The Oil & Natural Gas Corporation (ONGC) logo on display at a news conference in New Delhi | Photo: Prashanth Vishwanathan | Bloomberg
The Oil & Natural Gas Corporation (ONGC) logo on display at a news conference in New Delhi | Photo: Prashanth Vishwanathan | Bloomberg

New Delhi: Public sector banks have been in the news for their massive bad loans, falling performance and the resultant erosion in the worth of their publicly listed shares.

But turns out that this downturn in market capitalisation has not been limited to public sector firms in the financial services sector. An analysis by ThePrint has found that the market capitalisation of several state-owned non-banking behemoths has also declined significantly in the last five years.

Data collated by primary market tracker Prime Database shows that many large public sector units (PSUs) such as ONGC and BHEL have lost between 25 and 40 per cent of their market cap, giving negative returns to their shareholders since the Narendra Modi government took charge in 2014.

This, despite the benchmark Sensex and Nifty indices registering overall healthy performances and offering positive returns to investors.

In September 2014, the BSE Sensex closed above 27,000 points for the first time while Nifty surpassed the 8,000 level, also for the first time. Last Friday, the Sensex closed at 36,386.61 points while the Nifty touched 10,906.95.

Market cap is calculated by multiplying the number of a company’s outstanding shares by the current price of one share. It is the key metric to assess a listed company’s value.

Also read: How Modi can privatise PSU banks and still win 2019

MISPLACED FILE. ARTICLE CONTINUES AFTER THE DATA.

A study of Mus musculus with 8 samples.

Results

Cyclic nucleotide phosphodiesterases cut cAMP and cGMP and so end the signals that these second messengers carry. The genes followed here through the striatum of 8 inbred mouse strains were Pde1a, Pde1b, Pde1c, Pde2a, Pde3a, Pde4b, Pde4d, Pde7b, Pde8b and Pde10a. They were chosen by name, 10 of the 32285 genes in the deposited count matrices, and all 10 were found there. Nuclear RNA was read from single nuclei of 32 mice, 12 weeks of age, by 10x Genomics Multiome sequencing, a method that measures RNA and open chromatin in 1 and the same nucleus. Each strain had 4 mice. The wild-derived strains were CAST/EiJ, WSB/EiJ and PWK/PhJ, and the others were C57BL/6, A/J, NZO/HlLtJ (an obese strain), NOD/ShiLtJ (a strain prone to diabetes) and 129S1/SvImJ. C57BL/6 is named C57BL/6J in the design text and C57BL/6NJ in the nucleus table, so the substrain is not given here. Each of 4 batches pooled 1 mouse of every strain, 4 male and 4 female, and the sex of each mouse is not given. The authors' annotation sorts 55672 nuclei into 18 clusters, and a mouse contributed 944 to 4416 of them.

Grim picture

The Bombay Stock Exchange’s PSU index has large power, oil and coal companies, besides government-owned banks.

Of these, Oil & Natural Gas Corporation Ltd, Coal India, Bharat Heavy Electricals, Oil India, Mahanagar Telephone Nigam Ltd, MMTC Ltd, and National Aluminium Co., have registered the most erosion in the value of their shares during this period.

“If one looks at the share of PSUs and public sector banks in total market cap, it has reduced to 7 per cent from over 28 per cent in 2009. This reflects the state of overall performance of these government companies,” said Pranav Haldea, managing director, Prime Database.

“PSU stocks have under-performed in all periods in the last five years due to corporate governance issues, and the fact that the actions taken by the majority shareholder — the government — may not always be in favour of the minority shareholders,” Deepak Jasani, head of retail research at HDFC Securities, told ThePrint.

Sample this: ONGC lost Rs 1,64,287.55 crore in market capitalisation between 30 September 2014 and 22 January 2019 — down to Rs 1,85,247 crore from Rs 3,49,534.55 crore.

Over the same time span, BHEL’s market cap has nearly halved — to Rs 25,865.01 crore on 22 January 2019 from Rs 49,062.14 crore on 30 September 2014, an erosion of Rs 23,197 crore.

It’s a similar picture for Coal India, which has witnessed an erosion of Rs 74,980.25 crore — down to Rs 1,40,628.85 crore from Rs 2,15,609.10 crore.

Also read: Going back in time – PSUs continue to call the shots in the defence ministry

The Nifty CPSE index too paints a grim picture. On 1 October 2014, the Nifty CPSE index was at 2,438.20 points, but by 17 January 2019, it came down to 2,045.10 points.

Equity analysts said PSUs, which are constrained by multiple government guidelines, are no longer perceived as wealth creators like private sector companies, which re-invest their profits to further and expand their business. Most PSUs that register high profits have typically handed over higher dividends to the government or even invested in cross equities and acquired other PSUs, they said.

Saurabh Jain, assistant vice president (research-retail equities), SMC Global Securities, said the global economy and commodity prices have also played a role in bringing down the market cap of PSUs.